My RN colleague wrote a nasty letter to the state board of nursing regarding disciplinary action it took against her. I believe that she was asked to pay a fine, and she eventually returned to her home state. Now her home state has revoked her RN license as a result of her letter to the board that fined her. She asked to have her license reinstated and was willing to pay the fine. She was told that if she wants her license back (after she pays the original fine) she would have to retake the NCLEX and earn it. She has been out of school for 25 years.
I find this to be a puzzling response from the state board of nursing. Can state boards of nursing take such actions? Does my colleague have any legal recourse regarding her license?
There is probably much more to this situation than appears in your question. However, some general comments can be addressed.
Initially, most, if not all, state nurse practice acts give authority to a state board of nursing to discipline a nurse licensed in that state if the nurse has been disciplined in another state. The specifics of that authority are contained in the state practice act and rules, and the board of nursing must act within its granted powers. It may well be, then, that the fine in the other state would have resulted in disciplinary action in your colleague’s home state. The writing of the letter may or may not have had an impact upon the home state board’s discipline, but it was clearly not the best decision to write and send it. At a minimum, it speaks of unprofessional conduct, and the home state board also may have decided to act in accordance with its powers in that regard.
When a disciplinary measure results in a revocation, for example, the practice act and its rules in force at the time would control any requirement concerning relicensing, including retaking of the NCLEX. It is assumed that when the revocation was imposed as a disciplinary action, and possibly coupled with other disciplinary actions or time frames (e.g., the nurse has not practice for the past five years), there was a requirement that the NCLEX be taken again. Again, a board of nursing cannot act outside its granted powers and responsibilities detailed in the practice act and rules. If the board does so, the action can be challenged.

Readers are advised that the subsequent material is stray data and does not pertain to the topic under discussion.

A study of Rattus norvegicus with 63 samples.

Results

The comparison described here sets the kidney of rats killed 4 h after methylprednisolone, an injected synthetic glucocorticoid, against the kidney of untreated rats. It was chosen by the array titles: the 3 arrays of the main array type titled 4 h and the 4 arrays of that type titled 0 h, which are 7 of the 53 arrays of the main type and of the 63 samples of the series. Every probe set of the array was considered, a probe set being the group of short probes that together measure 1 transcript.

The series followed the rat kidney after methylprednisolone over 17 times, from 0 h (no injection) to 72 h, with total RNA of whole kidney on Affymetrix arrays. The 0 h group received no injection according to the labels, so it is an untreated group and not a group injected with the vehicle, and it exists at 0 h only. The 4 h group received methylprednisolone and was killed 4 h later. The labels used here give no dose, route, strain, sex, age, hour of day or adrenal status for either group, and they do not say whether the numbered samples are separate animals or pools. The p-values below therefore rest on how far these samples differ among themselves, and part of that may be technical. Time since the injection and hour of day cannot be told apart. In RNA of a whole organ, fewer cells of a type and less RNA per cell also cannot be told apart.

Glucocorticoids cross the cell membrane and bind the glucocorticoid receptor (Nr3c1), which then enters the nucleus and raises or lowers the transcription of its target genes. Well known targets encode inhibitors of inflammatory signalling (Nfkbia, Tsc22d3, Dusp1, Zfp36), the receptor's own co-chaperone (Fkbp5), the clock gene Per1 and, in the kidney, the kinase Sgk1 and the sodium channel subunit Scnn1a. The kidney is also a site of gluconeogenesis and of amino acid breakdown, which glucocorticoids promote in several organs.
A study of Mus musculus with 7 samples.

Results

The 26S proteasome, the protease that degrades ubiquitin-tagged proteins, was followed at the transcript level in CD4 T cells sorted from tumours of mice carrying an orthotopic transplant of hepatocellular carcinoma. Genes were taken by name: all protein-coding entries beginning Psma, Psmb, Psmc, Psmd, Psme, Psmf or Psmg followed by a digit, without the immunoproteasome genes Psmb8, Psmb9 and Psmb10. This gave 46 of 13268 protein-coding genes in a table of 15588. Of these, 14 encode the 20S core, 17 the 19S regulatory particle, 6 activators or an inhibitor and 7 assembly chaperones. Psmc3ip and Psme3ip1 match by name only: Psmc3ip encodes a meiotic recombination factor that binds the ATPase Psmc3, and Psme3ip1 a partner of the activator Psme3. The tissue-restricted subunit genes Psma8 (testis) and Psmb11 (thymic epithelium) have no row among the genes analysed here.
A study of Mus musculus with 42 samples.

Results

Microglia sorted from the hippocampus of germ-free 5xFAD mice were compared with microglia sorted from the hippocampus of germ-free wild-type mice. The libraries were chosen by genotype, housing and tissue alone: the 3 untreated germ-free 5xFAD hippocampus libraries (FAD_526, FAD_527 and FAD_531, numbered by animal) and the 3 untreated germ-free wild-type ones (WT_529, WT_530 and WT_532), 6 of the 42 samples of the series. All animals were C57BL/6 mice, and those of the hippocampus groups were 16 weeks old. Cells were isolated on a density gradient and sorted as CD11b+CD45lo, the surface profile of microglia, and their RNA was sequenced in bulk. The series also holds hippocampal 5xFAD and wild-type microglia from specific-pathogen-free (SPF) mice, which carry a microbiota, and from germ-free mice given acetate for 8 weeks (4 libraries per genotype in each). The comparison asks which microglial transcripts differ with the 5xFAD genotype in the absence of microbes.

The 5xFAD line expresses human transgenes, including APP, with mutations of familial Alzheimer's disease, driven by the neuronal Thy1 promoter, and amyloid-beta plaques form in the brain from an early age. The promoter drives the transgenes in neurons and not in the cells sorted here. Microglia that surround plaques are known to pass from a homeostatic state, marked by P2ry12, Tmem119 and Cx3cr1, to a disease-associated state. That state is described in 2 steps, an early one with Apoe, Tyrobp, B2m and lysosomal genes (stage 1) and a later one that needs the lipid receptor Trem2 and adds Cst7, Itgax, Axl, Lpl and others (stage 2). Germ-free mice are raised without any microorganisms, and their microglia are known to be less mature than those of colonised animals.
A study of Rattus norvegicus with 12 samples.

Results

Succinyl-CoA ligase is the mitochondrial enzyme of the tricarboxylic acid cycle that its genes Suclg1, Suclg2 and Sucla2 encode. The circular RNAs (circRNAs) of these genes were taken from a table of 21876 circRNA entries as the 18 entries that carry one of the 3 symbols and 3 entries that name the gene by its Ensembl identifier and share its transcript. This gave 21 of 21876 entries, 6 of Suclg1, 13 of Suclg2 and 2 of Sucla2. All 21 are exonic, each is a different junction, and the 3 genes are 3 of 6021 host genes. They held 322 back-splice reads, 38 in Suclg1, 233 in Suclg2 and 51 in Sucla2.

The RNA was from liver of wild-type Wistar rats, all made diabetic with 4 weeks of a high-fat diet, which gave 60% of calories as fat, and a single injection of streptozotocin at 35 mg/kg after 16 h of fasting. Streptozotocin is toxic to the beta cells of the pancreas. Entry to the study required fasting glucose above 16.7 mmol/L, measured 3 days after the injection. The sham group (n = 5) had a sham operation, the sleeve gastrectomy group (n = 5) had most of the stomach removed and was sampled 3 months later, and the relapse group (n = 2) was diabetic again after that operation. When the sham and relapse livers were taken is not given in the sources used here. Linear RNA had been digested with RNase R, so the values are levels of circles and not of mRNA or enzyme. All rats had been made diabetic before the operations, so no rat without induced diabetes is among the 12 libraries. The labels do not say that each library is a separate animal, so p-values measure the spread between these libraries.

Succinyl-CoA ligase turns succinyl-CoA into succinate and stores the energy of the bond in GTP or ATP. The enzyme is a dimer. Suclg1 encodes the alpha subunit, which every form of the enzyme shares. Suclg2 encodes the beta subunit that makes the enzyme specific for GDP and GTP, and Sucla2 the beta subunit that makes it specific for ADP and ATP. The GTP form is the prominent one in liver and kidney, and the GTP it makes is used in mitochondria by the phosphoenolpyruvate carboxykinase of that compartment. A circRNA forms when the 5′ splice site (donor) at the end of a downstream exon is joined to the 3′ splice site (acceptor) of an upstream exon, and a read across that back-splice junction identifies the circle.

If your colleague thinks the board of nursing acted in a manner not consistent with the applicable nurse practice act and rules, she should consult with a nurse attorney or attorney in her state who handles professional discipline matters. The attorney can evaluate the situation and advise her specifically about what legal options, if any, are open to her. The sooner your nurse friend has this consultation the better. There are specific time frames within which a challenge to a board of nursing decision can be filed in a court of law.
This question and answer is an example of the many issues that may result from a disciplinary action against your professional license. Soreide Law Group will represent you in front of the Florida Board of Nursing. If you have any questions regarding your nursing license, please contact us at our website: www.floridaprofessionallicense.com or call and speak to an attorney at: (888)760-6552.